Time does local foods

Time Magazine's cover story this week is about eating locally. It is a decidedly mainstream article - for people already waist deep in local eating, it will likely be annoying and a bit bizarre in its viewpoint. But for those without toes wet yet, it is just a good and general introduction to the point.

I suppose I'm just happy to see the mainstream media addressing it - as they have been now in spurts and bits for the past year. A cover story in Time is as mainstreamas it gets - which, I hope, translates into sold out Saturdays for growers all summer long at the farmers' markets.
Here's their press release - with a link to the complete article, available online for free, no login required:

For Immediate Release
On Sale Friday, March 2

The Best Food You Can Eat May Be in Your Own Backyard

(New York, March 2, 2007)—In this week's issue, TIME's John Cloud reports, "For food purists, `local' is the new `organic,' the new ideal that promises healthier bodies and a healthier planet Organic adherents take it on faith that the way food is grown affects its nutritional quality. But advocates of local eating are now making another leap, saying what happens after harvest—how food is shipped and handled— is perhaps even more important than how it was grown."

Cloud's quest to determine which kind of food is healthier, safer, tastes better and is best for the environment leads him to Whole Foods ceo John Mackey, whose chain grew to prominence, in part, by making organic food accessible to millions of Americans. The chain now has more then 190 locations and sales grew by 19% in 2006. Mackey tells TIME that even he prefers local grown food to organics. "I would probably purchase a local nonorganic tomato before I would purchase an organic one that was shipped from California," he says. Cloud writes that Mackey "called the two tomatoes `an environmental wash' since the California one had petroleum miles on it but the nonorganic one was grown with pesticides. `But the local tomato from outside Austin will be fresher, will just taste better,' he said." Mackey also says that most Americans will never eat a purely local diet. "One of the challenges of being a retailer is you don't want to offend people," he tells TIME. "Some customers want to eat apples [year-round]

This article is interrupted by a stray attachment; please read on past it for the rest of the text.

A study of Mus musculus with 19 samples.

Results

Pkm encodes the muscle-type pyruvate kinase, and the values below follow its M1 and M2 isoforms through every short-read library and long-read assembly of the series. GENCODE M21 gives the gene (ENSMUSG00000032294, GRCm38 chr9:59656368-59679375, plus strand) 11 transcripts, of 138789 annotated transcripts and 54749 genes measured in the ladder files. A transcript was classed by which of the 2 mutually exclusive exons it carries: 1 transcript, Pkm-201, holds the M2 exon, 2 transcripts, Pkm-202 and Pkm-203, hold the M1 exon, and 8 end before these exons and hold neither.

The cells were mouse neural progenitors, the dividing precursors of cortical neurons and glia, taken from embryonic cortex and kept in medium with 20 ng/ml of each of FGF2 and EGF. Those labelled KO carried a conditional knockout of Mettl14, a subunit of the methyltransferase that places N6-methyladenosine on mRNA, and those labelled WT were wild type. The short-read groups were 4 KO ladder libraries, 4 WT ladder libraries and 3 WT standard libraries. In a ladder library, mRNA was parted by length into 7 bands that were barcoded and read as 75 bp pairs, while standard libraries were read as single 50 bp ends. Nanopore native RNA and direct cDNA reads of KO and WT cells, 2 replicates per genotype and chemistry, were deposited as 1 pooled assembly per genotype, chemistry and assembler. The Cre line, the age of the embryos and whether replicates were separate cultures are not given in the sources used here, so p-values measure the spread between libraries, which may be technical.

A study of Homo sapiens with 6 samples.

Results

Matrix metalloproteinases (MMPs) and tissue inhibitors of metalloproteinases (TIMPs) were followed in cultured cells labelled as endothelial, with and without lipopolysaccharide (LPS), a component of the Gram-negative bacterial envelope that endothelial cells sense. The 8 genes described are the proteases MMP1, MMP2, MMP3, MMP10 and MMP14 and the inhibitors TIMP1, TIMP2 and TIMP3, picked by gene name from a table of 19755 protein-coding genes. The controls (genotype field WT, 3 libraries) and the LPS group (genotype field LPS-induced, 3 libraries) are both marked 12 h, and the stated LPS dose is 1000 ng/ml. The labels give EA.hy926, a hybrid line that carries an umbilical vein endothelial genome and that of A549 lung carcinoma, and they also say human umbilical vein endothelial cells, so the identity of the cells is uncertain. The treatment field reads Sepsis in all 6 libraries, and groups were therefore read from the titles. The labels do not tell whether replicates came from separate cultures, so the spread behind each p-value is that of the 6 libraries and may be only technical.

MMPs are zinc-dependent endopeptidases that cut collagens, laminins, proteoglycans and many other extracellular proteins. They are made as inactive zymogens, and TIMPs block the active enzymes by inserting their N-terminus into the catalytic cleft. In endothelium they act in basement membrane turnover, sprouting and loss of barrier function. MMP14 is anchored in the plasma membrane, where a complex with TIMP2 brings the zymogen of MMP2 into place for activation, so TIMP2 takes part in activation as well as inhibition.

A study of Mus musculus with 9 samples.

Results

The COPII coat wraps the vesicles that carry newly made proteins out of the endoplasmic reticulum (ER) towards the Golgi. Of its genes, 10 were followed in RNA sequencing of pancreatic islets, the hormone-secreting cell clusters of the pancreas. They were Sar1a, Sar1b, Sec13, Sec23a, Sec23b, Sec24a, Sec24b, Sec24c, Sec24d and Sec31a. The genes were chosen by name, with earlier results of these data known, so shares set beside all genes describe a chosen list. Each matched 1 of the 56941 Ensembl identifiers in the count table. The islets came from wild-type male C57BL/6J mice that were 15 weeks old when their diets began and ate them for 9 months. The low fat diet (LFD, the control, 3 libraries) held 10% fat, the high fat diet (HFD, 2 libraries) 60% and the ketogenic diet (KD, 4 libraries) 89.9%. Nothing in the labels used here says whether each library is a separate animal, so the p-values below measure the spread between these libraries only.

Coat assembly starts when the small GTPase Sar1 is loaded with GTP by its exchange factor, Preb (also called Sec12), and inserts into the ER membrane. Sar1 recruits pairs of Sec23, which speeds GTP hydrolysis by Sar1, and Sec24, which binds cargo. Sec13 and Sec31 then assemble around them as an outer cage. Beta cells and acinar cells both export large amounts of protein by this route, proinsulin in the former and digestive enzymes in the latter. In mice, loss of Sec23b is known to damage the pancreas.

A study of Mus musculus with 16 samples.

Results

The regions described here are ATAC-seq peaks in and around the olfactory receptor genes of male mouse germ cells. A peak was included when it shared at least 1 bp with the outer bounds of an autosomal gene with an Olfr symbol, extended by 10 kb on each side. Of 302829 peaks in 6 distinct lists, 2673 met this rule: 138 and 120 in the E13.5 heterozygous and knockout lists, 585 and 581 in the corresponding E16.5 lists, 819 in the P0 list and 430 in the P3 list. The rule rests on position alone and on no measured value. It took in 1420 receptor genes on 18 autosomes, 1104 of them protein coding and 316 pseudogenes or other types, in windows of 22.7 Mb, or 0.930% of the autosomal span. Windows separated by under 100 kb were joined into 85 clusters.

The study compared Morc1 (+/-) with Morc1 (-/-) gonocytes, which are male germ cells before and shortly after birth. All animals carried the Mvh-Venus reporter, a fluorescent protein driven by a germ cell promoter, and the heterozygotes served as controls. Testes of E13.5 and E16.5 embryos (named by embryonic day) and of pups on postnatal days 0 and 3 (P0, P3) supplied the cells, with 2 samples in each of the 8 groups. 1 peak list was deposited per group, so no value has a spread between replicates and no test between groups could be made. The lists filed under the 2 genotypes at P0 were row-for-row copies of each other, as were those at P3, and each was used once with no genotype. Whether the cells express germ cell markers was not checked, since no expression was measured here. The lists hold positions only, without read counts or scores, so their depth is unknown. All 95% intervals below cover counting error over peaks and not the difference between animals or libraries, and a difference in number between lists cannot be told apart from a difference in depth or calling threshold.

, and they're willing to pay more for a New Zealand apple."

Cloud's extensive reporting—which includes joining a Community Supported Agricultural (csa) program that delivers fresh local food to his house each week—leads him to conclude that he prefers local to organic. He writes, "In matters of digestion, I prefer science over culture. The problem is that science offers no clear guidelines yet on how beneficial organic food is."

"When it comes to my basic ingredients—literally, my `whole' foods rather than my convenience foods—I would still rather know the person who collects my eggs or grows my lettuce or picks my apples than buy 100% organic eggs or lettuce or apples from an anonymous megafarm at the supermarket. Choosing local when I can makes me feel more rooted,and (in part because of that feeling, no doubt) local food tastes

The March 12, 2007 issue of TIME goes on sale on Friday, March 2.
Read the complete story at TIME.com:
http://www.time.com/time/magazine/ article/0,9171,1595245,00.html
Download this week's cover image at

Media Contacts: TIME PR HOTLINE, (212) 522-4800 Daniel Kile, (212)
522-3640; Betsy Burton, (212) 522-3651; Dara Yaffe, (212) 522-0613

Oh, and speaking of CSAs, there are still plenty of shares left in the Seacoast area for the 2007 season.